The idea for this came when I decided that I’d try to blog more when I travel, but I didn’t want to have to faff around with ssh on my iPad (my current travel machine). Instead I wanted to be able to add new posts to a Dropbox folder and then have one of my machines at home rebuild and update the site for me. It would probably be easier to have everything running on the webserver itself, but that does assume that you have permission to install services (e.g. the Dropbox CLI) which isn’t always the case.
At the very least this is a quick guide on painlessly deploying a Jekyll site and I use this script on my local machine too.
The solution I ended up with performs the following steps, via a shell script which is called by
cron twice a day:
- Run the
rakefileto rebuild the site
rsyncthe files to the webserver over
- A home server running some flavour of *nix with
- A Dropbox or other cloud account
- SSH access to your webserver
Of course if you run your own webserver, this may be a good deal easier.
Automating the build
The first step is a quick shell script that will rebuild the site:
#!/bin/bash rake deploy
Nothing more to it than that. This script is stored in my Jekyll folder which is synced with Dropbox.
$ jekyll build --trace --config _config_production.yml
and the site gets rebuilt.
Uploading to the webserver
The second step is deploying the new site; we add one more line:
#!/bin/bash rake deploy rsync -avz ./_site/ -e ssh firstname.lastname@example.org:public_html/
rsync the contents of
_site to the relevant directory on the webserver. In my case, I have it in the root of my
public_html. Change the locations as necessary. The flags denote
-a archive, for recursive copy,
-z compress and
Make sure the script is executable too:
$ chmod +x /path/to/site/update.sh
It’s also convenient to have passwordless SSH; this is simple to set up. By far the quickest method I’ve seen is:
#press enter until you run out of things to agree to $ ssh-keygen $ ssh-copy-id -i email@example.com #log in without your password! $ ssh firstname.lastname@example.org
You’ll need to enter your SSH password once, when you copy the ID over, but after that you should be good to go.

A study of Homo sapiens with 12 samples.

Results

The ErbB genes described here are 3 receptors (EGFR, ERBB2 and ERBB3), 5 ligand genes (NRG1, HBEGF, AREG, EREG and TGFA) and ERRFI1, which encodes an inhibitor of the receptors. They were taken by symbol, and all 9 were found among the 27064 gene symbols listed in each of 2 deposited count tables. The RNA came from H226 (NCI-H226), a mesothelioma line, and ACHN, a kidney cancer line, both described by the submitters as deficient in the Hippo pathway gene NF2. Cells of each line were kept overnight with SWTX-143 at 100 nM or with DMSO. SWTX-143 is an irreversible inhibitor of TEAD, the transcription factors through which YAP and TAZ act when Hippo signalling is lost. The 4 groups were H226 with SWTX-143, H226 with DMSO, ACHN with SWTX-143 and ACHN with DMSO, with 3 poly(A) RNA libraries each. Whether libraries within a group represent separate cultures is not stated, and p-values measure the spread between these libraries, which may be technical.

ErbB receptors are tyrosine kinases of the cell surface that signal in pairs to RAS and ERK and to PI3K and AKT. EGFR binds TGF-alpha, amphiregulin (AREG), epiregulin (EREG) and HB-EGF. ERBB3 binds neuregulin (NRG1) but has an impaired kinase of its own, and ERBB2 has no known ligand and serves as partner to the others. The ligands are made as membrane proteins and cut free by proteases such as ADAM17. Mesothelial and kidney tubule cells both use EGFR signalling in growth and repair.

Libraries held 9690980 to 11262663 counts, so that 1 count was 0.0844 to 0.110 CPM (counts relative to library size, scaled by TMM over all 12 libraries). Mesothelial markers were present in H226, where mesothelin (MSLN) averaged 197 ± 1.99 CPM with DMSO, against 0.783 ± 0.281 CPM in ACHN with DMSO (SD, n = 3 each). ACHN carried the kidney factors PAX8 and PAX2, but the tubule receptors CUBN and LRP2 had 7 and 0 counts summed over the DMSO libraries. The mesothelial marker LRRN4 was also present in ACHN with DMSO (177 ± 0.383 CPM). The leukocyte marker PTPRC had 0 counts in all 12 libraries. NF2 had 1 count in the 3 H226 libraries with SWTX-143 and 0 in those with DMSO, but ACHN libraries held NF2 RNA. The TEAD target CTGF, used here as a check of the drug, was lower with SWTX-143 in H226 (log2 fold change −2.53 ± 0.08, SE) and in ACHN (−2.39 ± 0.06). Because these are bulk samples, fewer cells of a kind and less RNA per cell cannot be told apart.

Integration with git, and only rebuilding if necessary
It’s a good idea to keep track of your blog with a repository, at the very least you’ll be able to version your posts.
git is as good a tool as any for this. I’ve got my blog set up so that whenever the server gets updated, I make a commit.
One solution is:
git add -Aas part of the cronjob
- Then run
git diff --cachedto check for any changes relative to the previous commit (such as a new file).
- If the result of the diff is nothing, then no need to rebuild.
git diff will only show you modified files that are already being tracked, no good for new posts. You could run
git add before, but that spoils the point of only rebuilding and syncing if something’s actually changed.
#!/bin/bash # Perform a diff, check if anything's changed git add -A CHANGED=`git diff --cached` COMMITMSG="Autocommit on " COMMITDATE=`date` COMMITSTRING=$COMMITMSG$COMMITDATE if [ "$CHANGED" != '' ]; then rake deploy RESULT=`rsync -az ./_site/ -e ssh email@example.com:public_html/` if [ "$RESULT" == '' ]; then git commit -am "$COMMITSTRING" echo "Uploaded." fi else echo "Nothing changed." fi
In this case the commit message is
Autocommit on [today's date]. You could make it a bit more descriptive, but this is enough for me to differentiate between proper commit messages (e.g. I’ve modified a layout or template) and automatic uploads.
If you get the error message:
stdin: is not a tty then you need to add
[ -z "$PS1" ] && return to your
.bashrc file on your webserver. More info here. You want rsync to be quiet if everything goes well; the idea is that a failed upload will not result in a commit and
rsync will retry next time the job is run.
Setting up cron
I chose to update twice a day, since I’m not posting urgently.
0 0,12 * * * /path/to/site/update.sh
Add that to your crontab and you’re good to go!
Simply add new posts to the Dropbox folder and the cron job does the rest!